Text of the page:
Cooking the Books1: Stating the obvious
Edmund Phelps won the 2006 Nobel prize for economics for research into the interplay between prices, unemployment and inflation expectations. A press release gave the reasons:
“Phelps suggested that in setting prices and negotiating wages, employers and workers make judgements about future inflation that in turn influence the inflation outcome. As a consequence, the long-run rate of unemployment is not affected by inflation but only determined by the functioning of the labour market. The academy said the theoretical framework Phelps developed in the late 1960s helped economists understand the causes of soaring prices and unemployment in the 1970s. Phelps’s work has fundamentally altered our views on how the macroeconomy operates.” (http://money.cnn.com/2006/10/09/news/newsmakers/phelps_nobel.reut/index.htm)
Phelps’s explanation for inflation amounts to the circular argument that rising prices cause rising prices. This doesn’t really explain anything about contemporary capitalism and it doesn’t explain those periods of capitalist history when the general price level (including the price known as a wage or salary) was stable or falling.
The real explanation is to be found outside the circle of rising prices, in the government issuing more currency than is needed for economic transactions to take place. Whenever and wherever currency inflation has taken place, rising prices have been the result. It is of course true that once the psychology of inflationary expectations is established, employers and unions will want to take into account future inflation rates when determining wage levels. But the real underlying explanation (currency inflation) is radically different from Phelps’s superficial view that rising prices cause rising prices.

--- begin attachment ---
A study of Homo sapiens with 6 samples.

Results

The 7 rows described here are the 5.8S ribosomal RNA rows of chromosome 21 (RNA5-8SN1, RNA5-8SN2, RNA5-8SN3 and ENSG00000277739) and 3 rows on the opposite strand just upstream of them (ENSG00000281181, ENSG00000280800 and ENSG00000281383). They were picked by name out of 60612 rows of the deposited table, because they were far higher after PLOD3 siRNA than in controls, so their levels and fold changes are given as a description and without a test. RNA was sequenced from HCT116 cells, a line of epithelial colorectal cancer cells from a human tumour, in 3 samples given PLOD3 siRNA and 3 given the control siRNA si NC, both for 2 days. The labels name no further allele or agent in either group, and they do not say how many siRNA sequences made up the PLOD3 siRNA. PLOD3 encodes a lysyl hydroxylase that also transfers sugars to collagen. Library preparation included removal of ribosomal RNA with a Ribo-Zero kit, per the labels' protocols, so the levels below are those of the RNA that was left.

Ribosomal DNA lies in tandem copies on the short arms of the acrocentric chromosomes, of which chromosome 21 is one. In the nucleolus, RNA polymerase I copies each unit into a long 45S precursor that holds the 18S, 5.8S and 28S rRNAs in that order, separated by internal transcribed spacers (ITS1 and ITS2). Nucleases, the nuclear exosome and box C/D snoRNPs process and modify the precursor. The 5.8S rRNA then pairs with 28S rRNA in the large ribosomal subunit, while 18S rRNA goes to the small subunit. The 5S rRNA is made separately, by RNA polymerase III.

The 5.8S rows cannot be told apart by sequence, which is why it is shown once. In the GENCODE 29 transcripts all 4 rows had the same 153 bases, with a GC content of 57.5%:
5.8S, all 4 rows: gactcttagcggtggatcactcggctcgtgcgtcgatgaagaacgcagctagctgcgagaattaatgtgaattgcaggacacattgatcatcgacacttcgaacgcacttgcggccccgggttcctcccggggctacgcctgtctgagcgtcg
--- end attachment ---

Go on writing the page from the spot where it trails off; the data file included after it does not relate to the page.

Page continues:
Up to the 1970s the ruling theory in economics was the Phillips Curve. This basically said that there was a trade-off between inflation and unemployment: we could have higher inflation and lower unemployment or lower inflation and higher unemployment. Until the 1970s, that is, when we had both rising inflation and rising unemployment. That discredited the Phillips Curve. But what would economists tell the ruling class now? According to Phelps, the message is: “unemployment is not affected by inflation.” Brilliant! Give that man a Nobel prize! But even this isn’t quite right, since it is possible for inflation to get seriously out of control, causing economic dislocation and rising unemployment as in Weimar Germany in the 1920s.
Phelps is right to say that the long-run rate of unemployment is determined by the functioning of the labour market. But this is something we have said for many years — well before Phelps. Can we have our Nobel prize now?